Can Diabetes Lead To Cognitive Impairment?
Diabetes is a group of diseases that result in too much sugar in the blood (high blood glucose). Many often think it only affects the blood sugar levels, however recent studies are showing that diabetes can also lead to cognitive impairments. Jose A. Luchsinger, MD of Columbia University Irving Medical Center has been studying and teaching about the influence of diabetes on cognitive impairment. In this blog article, we are going to share Dr. Luchsinger’s insight on the relationship between diabetes and cognitive impairment and how health care professionals can adapt treatments to assist their patients.
Research has found that those with diabetes are more likely to develop cognitive problems, especially older adults. They have higher chances of developing dementia, Alzheimers, and vascular dementia. Like with growing age, cognitive problems begin to appear, but the process becomes much faster in those with diabetes. Diabetes can cause cerebrovascular disease—that is, vascular disease in the brain—just as it can cause vascular disease in the heart or in the legs. This damage in the brain can lead to different cognitive problems, depending upon where damage occurs in the brain. Research is beginning to show a correlation between having diabetes and having memory issues. However, it is unclear whether the decline in memory is caused by vascular problems or by other mechanisms. Researchers are interested in figuring this out.
What Exactly Happens?
Executive functioning, psychomotor speed, and attention are some of the cognitive functions that first become impaired. A patient may then begin to develop memory problems, causing them to start to forget appointments or forget to take their medication. If these cognitive symptoms persist, health care providers should recognize there is a possible condition that is underlying these behaviors. To help slow this process, patients with diabetes must follow a treatment process that helps them use and improve these cognitive functions.
How Can Someone Help?
Luchsinger recommends, first and foremost, being patient and helpful. Make sure to help your clients keep up with their medication and inform you when a problem arises. For caregivers, it is important that you work with your loved one on making healthy food choices and helping them exercise. Engaging in a healthy lifestyle is essential for tackling diabetes head-on.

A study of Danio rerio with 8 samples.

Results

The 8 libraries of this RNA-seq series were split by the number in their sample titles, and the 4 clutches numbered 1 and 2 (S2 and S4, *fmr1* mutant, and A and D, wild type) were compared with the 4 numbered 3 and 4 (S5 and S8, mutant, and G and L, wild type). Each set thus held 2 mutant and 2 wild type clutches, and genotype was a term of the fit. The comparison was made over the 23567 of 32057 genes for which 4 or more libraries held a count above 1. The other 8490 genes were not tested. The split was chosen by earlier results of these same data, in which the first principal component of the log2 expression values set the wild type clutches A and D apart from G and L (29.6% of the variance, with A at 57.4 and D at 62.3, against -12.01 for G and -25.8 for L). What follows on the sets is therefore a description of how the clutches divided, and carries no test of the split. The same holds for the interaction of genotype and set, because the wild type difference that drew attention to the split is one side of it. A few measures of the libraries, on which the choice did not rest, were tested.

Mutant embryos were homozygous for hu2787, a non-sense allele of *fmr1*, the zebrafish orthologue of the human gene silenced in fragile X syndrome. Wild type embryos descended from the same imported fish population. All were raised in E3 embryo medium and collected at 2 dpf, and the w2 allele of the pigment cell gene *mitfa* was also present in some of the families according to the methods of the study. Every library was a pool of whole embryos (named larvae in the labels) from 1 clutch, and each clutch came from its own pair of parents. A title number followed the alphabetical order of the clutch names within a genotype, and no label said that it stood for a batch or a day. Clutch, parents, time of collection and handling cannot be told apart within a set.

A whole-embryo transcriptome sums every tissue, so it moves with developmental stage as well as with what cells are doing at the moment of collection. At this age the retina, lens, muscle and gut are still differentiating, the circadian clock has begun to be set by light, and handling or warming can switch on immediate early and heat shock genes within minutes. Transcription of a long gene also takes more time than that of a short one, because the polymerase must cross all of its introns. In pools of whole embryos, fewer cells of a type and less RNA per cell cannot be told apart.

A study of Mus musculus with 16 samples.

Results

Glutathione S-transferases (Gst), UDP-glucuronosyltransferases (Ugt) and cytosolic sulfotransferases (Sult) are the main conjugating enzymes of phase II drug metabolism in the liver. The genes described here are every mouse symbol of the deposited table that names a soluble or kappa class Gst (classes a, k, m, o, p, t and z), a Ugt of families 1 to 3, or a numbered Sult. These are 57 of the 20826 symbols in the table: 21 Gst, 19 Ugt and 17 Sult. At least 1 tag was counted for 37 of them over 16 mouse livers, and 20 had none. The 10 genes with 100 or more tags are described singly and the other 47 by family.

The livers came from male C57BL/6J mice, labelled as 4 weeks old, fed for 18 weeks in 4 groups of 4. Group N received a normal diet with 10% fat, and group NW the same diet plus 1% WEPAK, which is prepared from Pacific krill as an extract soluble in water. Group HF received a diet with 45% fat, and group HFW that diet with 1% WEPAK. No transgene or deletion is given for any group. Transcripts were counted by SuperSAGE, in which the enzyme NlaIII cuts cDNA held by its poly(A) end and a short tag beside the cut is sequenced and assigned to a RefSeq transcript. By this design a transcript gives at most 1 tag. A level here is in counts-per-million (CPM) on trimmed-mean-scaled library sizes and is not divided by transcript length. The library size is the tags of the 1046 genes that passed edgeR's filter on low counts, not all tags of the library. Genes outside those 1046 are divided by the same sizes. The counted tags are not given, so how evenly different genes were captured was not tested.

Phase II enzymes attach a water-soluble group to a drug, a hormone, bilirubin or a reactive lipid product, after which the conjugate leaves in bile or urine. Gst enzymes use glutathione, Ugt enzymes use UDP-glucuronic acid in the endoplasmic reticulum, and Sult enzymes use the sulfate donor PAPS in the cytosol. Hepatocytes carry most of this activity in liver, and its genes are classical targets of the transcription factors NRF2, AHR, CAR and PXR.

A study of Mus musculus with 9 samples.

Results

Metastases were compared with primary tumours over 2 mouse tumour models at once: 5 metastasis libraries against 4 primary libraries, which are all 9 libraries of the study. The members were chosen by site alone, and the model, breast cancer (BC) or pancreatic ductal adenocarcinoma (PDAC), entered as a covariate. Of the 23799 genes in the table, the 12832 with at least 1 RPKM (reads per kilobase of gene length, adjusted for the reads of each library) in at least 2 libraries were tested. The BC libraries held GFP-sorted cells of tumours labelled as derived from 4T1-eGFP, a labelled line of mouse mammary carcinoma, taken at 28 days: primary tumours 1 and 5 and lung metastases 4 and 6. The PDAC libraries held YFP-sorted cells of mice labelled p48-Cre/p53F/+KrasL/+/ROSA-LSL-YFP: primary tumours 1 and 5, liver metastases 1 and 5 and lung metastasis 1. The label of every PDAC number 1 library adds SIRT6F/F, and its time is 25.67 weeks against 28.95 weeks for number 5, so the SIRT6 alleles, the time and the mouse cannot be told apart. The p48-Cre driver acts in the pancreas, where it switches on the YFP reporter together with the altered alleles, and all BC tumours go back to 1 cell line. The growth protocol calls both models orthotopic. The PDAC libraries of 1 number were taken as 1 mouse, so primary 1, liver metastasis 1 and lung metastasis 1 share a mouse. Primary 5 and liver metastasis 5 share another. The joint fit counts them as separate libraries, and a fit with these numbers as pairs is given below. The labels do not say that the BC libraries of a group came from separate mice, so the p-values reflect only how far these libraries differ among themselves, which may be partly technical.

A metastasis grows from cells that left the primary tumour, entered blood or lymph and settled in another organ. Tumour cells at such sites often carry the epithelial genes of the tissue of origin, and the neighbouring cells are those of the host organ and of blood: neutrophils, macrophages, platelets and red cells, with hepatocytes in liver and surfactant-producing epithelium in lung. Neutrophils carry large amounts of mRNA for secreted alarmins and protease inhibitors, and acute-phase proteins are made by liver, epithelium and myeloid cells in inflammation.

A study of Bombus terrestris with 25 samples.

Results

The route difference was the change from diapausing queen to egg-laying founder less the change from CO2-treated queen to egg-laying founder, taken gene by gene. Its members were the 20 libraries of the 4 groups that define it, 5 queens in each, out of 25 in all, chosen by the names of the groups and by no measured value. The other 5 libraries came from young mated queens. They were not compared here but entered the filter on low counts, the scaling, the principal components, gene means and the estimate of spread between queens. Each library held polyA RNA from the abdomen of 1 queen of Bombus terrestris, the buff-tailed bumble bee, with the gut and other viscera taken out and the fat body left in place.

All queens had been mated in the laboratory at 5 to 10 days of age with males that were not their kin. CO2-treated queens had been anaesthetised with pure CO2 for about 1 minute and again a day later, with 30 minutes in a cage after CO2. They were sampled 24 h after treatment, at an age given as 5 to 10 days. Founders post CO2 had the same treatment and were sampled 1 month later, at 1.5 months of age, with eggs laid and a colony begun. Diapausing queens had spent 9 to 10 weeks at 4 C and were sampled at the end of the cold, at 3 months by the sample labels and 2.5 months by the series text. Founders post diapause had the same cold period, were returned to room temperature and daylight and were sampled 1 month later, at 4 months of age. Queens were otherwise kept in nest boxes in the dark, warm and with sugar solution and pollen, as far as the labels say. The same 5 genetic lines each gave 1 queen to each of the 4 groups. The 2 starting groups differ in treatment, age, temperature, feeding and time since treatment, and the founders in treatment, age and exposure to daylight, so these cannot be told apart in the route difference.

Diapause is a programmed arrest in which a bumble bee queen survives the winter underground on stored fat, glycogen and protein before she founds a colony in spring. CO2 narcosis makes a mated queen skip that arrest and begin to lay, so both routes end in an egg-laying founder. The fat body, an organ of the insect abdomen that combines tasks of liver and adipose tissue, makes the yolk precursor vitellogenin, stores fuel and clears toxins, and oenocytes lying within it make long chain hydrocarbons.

Can improved glucose control or diabetes treatments help prevent cognitive impairment?
Some studying the effect of diabetes on cognitive impairment believe that improved glucose control can prevent these cognitive impairments. Several studies suggest that metformin, an anti-diabetic drug, may be used to treat and or prevent Alzheimers. However these results have only come from mild cases. Several studies have also disputed the idea that improved glucose can control cognitive impairments. A sub-study called MIND, found no cognitive benefits to using glucose control as a treatment. Another study known as the Diabetes Control and Complications trial, found that there was no relationship between glucose levels and cognitive disorders.
Healthcare professionals need to treat patients that have both diabetes and cognitive impairment very carefully. Those with both conditions may have a hard time following a treatment plan or taking medications. Patients who live alone are at even greater risk of not completing their treatment plans, as they do not have additional help readily available. One recommendation is to have a visiting nurse or support provider come check on patients daily. Another recommendation is using smartphones or smartwatches for reminders. Therapists may want to work with clients on cognitive skills using digital cognitive therapy tools, good cognitive worksheets, and by providing group therapy for their clients. Helping clients live a healthy lifestyle may also help them ward off further problems caused by diabetes and become healthier overall.
José A. Luchsinger, MD, National Institute of Diabetes and Digestive and Kidney Diseases, (2021) Can Diabetes Lead to Cognitive Impairment?